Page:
I finally wrote a letter to my friend M today. That's post-worthy for two reasons. First, because when I say I wrote a letter, I actually mean a letter. Not a facebook message. Not an email. Not a skype-text. An actual letter with a piece of paper that I scribbled on myself, with a pen, before putting it in an envelope, licking it shut (I'd forgotten that tangy, unpleasant taste that envelopes have) and popping a stamp on it. A real 1990s experience.
The second reason for posting about my letter to M is he's the one who upped and left his law-firm life, decided to use his legal skills in the service of his country and is now at some undisclosed location in Afghanistan. This is not some big, beefy guy who enjoyed playing wargames on his Playstation and decided to try out the real thing. This guy is your typical, 30-something slightly unfit lawyer (or he was, anyway; the latest pictures seem to suggest that becoming a soldier is even more effective than shelling out for a personal trainer).
In any event, there he is, in some hot, arid place where people who don't know how incredibly funny he can be have decided they don't like him and are employing their best efforts to blow him to pieces.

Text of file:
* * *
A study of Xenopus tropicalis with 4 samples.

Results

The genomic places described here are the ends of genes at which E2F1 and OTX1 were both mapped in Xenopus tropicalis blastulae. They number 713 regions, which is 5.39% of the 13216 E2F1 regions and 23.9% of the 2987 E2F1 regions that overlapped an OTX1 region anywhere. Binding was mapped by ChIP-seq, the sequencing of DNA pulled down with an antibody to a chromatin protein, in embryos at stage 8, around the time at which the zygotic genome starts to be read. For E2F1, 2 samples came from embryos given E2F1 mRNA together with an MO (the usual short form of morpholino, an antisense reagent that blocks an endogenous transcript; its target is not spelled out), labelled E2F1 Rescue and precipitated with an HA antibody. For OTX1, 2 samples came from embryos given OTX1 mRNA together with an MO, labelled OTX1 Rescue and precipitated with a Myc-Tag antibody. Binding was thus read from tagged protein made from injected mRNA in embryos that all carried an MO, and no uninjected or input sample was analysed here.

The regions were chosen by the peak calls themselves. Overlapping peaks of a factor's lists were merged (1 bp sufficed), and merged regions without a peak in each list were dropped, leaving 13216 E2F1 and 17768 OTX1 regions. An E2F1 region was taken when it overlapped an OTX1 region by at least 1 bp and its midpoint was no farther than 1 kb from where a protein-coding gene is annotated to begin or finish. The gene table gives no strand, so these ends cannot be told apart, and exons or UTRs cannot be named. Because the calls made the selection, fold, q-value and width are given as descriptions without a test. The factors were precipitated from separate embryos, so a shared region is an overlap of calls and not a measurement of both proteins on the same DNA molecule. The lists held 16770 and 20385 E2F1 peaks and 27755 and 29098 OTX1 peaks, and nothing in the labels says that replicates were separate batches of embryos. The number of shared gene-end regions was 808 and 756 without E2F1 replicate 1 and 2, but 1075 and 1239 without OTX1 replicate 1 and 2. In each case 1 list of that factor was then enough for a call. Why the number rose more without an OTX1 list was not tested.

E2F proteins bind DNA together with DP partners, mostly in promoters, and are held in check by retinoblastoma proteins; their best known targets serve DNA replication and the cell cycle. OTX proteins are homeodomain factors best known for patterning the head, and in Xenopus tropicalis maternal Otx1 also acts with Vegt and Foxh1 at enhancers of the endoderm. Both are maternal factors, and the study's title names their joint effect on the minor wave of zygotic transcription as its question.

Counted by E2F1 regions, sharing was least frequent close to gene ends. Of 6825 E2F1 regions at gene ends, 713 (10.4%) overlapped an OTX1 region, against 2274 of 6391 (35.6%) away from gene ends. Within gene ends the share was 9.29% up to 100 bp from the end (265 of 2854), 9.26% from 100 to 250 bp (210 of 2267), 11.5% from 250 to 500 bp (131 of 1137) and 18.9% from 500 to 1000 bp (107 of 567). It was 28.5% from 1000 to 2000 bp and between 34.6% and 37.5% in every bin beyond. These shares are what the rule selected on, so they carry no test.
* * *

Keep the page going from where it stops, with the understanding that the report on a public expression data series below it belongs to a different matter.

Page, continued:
Given those circumstances, I found the letter-writing a bit tricky. What do you say to someone whose daily life is now mostly filled with trying not to get killed? What exactly is the right tone? Is there an etiquette book that has a chapter on "writing war letters" that women in the 40s used as a handy reference text?
Well, M being M, and me being me, I went for funny. Hopefully that was the right call.
THE ART of general letter-writing in the present day is shrinking until the letter threatens to become a telegram, a telephone message, a post-card... to-day people don’t care a bit whether they write well or ill. Mental effort is one thing that the younger generation of the “smart world” seems to consider it unreasonable to ask—and just as it is the fashion to let their spines droop until they suggest nothing so much as Tenniel’s drawing in Alice in Wonderland of the caterpillar sitting on the toad-stool—so do they let their mental faculties relax, slump and atrophy.
And to close, Ms. Post's invaluable counsel...
Of course the best advice to a young girl who is impelled to write letters to men, can be put in one word, don’t!